Thursday, June 3, 2010

Supposed to be...

Who hasn't been hurt by the church? Some of us really badly? I have and this article and the comments following it are great for understanding it a little better. And, who knows, some of us might actually heal from those wounds one day. Straighten up church. Businesses treat people better than some of you have.
So here's a glass to loving each other better.


  1. i like the comment from the one survey guy about how he's has more compassion and love than injury... even though i know that's true, i don't always feel that way. i'm afraid i got annoyed with the comments and didn't read beyond the first 8 or 10, but i do like the things the author has to say. it's a tough issue, and one that definitely needs to be dealt with.

    i'm raising a glass with you on this one! =)

  2. I posted myself that employees are uniquely injured in churches by firings, abusive church members, etc. That's where I've found the most terrible stuff. Seems to me church leaders, for my part, should be volunteers or bi-vocational.

  3. that's an interesting idea... leaders in what areas? all areas? what would that do about ordained pastors, or trained music leaders, or whatever? i'm intrigued... how would you see that working?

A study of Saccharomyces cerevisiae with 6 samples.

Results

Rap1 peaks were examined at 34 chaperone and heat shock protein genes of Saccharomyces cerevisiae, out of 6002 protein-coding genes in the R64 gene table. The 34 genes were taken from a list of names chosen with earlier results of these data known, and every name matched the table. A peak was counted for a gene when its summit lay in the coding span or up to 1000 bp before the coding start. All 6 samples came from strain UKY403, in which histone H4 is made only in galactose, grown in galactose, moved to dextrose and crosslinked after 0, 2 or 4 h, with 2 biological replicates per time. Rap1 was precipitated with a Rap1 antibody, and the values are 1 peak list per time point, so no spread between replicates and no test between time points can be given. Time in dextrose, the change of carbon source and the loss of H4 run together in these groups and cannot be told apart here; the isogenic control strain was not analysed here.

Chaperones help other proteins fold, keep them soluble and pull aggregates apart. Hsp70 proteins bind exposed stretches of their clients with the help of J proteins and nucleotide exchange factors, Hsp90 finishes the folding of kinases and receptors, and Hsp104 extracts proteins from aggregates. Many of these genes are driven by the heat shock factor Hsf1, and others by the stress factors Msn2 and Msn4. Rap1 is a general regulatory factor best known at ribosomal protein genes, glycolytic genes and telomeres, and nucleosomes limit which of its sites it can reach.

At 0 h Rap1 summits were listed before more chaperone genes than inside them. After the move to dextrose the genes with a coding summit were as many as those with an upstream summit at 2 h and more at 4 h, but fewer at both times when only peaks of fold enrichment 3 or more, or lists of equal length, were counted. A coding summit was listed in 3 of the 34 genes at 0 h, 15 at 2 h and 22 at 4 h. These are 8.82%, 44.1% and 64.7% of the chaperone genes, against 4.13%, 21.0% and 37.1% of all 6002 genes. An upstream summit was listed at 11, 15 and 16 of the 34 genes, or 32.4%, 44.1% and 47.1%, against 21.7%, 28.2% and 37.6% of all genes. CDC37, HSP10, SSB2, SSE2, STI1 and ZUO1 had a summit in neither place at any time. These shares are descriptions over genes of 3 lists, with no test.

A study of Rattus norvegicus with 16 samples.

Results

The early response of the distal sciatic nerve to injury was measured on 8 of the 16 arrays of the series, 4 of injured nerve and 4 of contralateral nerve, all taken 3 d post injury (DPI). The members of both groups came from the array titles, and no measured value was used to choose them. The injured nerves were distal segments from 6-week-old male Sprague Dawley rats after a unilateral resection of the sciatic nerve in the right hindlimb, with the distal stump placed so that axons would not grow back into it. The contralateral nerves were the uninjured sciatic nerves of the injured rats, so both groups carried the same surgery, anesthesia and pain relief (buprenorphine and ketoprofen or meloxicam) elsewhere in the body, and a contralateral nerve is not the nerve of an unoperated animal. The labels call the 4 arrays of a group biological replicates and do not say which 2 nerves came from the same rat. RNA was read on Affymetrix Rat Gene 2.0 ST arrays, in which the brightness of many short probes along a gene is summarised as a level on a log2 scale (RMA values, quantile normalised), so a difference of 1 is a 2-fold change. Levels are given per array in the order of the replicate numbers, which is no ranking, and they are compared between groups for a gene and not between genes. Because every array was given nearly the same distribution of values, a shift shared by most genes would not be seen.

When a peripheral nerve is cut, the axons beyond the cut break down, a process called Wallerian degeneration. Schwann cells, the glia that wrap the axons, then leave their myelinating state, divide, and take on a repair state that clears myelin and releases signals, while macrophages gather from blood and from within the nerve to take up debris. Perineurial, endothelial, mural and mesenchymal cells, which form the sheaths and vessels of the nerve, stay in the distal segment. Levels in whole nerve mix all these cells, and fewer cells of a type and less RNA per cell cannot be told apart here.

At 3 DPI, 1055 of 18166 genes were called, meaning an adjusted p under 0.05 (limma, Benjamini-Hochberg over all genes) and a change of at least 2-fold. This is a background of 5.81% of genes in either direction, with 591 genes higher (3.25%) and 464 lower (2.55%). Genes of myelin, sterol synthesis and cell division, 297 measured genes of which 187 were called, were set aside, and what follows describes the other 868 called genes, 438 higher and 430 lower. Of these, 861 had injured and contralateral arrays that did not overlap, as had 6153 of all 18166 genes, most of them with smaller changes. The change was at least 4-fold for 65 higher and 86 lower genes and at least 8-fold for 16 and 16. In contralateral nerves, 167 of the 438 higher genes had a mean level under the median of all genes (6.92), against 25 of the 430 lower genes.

4. people, as in the common church attender, wonder what the pastor does all week. after all, they "only work on Sundays." why not be sure that others know what we're doing-like working as schoolteachers, retailers, etc.
    in places where you're protected by a 2 year "call" this isn't as much of an issue. that's running the church like any decent business with a contract. but churches where the deacons/board/committee can get together at any time and fire them that makes professional clergy very exposed and in danger. having another fulltime job would alleviate all of that worry.

  5. ah, i see. so it could vary by denomination, depending on how their structure is already? that makes sense. being a um, i was struggling to see how this would work... but having been in southern baptist churches where things were much more... um...fluid, i can totally see that.